Whatever happened to British middle-distance running?


One theme of this summer’s Olympic sports coverage will be the weak challenge by British athletes in the men’s and women’s middle distances – in the women’s 800 metres for example, UK athletics have been able to fill just one of the three potential spaces . There is no expectation of a serious medal challenge at any distance between the 400 metre and Mo Farah at 5k

It hasn’t always been like that. There was of course the Ovett-Coe-Cram moment, but in the thirty years before that, UK middle distance running was generally competitive; and (as I’ve posted before) elite UK marathon times have been getting consistently slower, year by year, for a while. Where did the previous tradition of middle-distance running come from?

Once answer, I suspect, is the figure of Alf Tupper, who was a staple of many working-class childhoods, from his first appearance in the Rover in 1949. Aged 18, living with his Aunt Meg in a one room upstairs and one room downstairs house, Alf’s bed was just a mattress on the kitchen floor. A welder paid just £1 5 per week, which he paid his Aunt all but two shilllings, Alf’s staple diet was fish and chips. Alf was a perennial underdog, who ran as often as not short of sleep from a night’s work. His main rivals were the pampered students of the universities. Alf’s own title was “The Tough of the Track.”

A typical short entry described him as follows:

“Height – 5 feet, 9 inches.
Age – Younger than he looks!
Fave food – Fish Fingers, Fish Cakes and Fish and Chips.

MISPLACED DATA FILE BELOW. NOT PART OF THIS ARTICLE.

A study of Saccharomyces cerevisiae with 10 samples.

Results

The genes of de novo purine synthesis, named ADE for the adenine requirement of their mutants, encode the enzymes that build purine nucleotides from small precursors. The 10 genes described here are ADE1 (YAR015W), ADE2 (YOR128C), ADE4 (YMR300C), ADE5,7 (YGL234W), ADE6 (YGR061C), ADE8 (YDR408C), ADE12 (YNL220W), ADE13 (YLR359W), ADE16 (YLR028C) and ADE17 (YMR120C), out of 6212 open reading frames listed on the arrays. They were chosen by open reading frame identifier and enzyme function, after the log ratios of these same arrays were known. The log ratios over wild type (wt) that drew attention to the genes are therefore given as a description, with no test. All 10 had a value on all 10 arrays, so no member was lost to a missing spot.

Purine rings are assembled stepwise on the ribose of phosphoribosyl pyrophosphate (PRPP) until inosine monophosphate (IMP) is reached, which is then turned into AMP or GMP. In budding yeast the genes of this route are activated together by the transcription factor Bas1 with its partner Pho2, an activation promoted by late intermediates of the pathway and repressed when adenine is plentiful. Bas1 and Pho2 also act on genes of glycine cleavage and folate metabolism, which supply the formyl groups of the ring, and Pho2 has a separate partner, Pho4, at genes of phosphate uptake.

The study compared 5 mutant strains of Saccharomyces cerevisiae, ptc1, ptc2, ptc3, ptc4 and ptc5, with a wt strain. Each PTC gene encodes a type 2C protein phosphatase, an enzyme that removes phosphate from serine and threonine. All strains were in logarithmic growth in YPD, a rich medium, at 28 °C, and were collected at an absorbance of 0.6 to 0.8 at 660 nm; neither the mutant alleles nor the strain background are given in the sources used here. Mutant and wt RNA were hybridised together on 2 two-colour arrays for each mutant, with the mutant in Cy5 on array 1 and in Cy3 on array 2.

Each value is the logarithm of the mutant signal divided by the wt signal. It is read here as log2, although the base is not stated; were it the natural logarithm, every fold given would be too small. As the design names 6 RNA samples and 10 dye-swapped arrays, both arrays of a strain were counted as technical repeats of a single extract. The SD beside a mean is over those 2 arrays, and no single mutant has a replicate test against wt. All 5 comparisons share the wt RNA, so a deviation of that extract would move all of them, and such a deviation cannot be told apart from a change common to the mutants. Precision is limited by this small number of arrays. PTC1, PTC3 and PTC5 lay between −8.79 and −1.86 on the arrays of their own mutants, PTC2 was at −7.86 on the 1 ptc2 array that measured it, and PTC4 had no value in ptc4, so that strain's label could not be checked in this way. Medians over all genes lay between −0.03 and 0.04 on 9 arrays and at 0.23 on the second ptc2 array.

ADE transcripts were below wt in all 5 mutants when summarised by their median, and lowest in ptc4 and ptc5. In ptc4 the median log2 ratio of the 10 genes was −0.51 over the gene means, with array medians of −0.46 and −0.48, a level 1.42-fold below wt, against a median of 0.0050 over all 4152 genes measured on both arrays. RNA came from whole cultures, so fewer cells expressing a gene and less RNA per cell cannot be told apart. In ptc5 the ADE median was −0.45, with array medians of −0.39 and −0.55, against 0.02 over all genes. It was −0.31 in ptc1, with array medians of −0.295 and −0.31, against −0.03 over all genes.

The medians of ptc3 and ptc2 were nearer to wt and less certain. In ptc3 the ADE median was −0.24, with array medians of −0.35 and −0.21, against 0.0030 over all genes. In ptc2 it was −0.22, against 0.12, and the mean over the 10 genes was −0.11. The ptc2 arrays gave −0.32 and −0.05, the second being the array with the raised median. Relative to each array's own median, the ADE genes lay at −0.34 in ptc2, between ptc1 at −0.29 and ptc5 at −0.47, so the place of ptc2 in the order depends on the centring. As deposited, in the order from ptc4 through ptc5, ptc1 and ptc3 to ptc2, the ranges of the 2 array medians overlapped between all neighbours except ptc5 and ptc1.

Pet hates – Snobs, especially those who run fast.”

Alf Tupper worked in a running milieu which was different from today’s in the following respects: the typical runner was younger than they are now, and better rooted in an athletics club. Running itself was overwhelmingly a working-class sport – distinguished from hockey, cricket, yachting, etc by the fact that it was free to do and relatively meritocratic.

Ovett’s public persona had a dose of Alf Tupper, as for that matter did Peter Elliot’s. Britain is of course still a country where the Alf Tuppers are a natural majority.  But our running culture is no longer working-class.

The break-point of course was the success of Seb Coe, a company manager’s son, who was was marketed by the press as the impeccable middle-class product of generations of public school people (he had in fact attended a comprehensive, after failing his 11+, but that’s another story).

Few schools still encourage their pupils to run; it is now a sport that people sign up to in their twenties and thirties rather than something that just emerges naturally from people’s lives.


3 responses »

    • But Edward, Chariots of Fire is precisely a “class war” film (in its director, Hugh Hudson’s, words) – its central protagonist is a middle-class Jew, whose conflicts with the British establishment were foregrounded by the writer, a working-class Liverpudlian without a Jewish bone in his body, who used Abrahams to write about the two faces of Britain that he loved – and hated.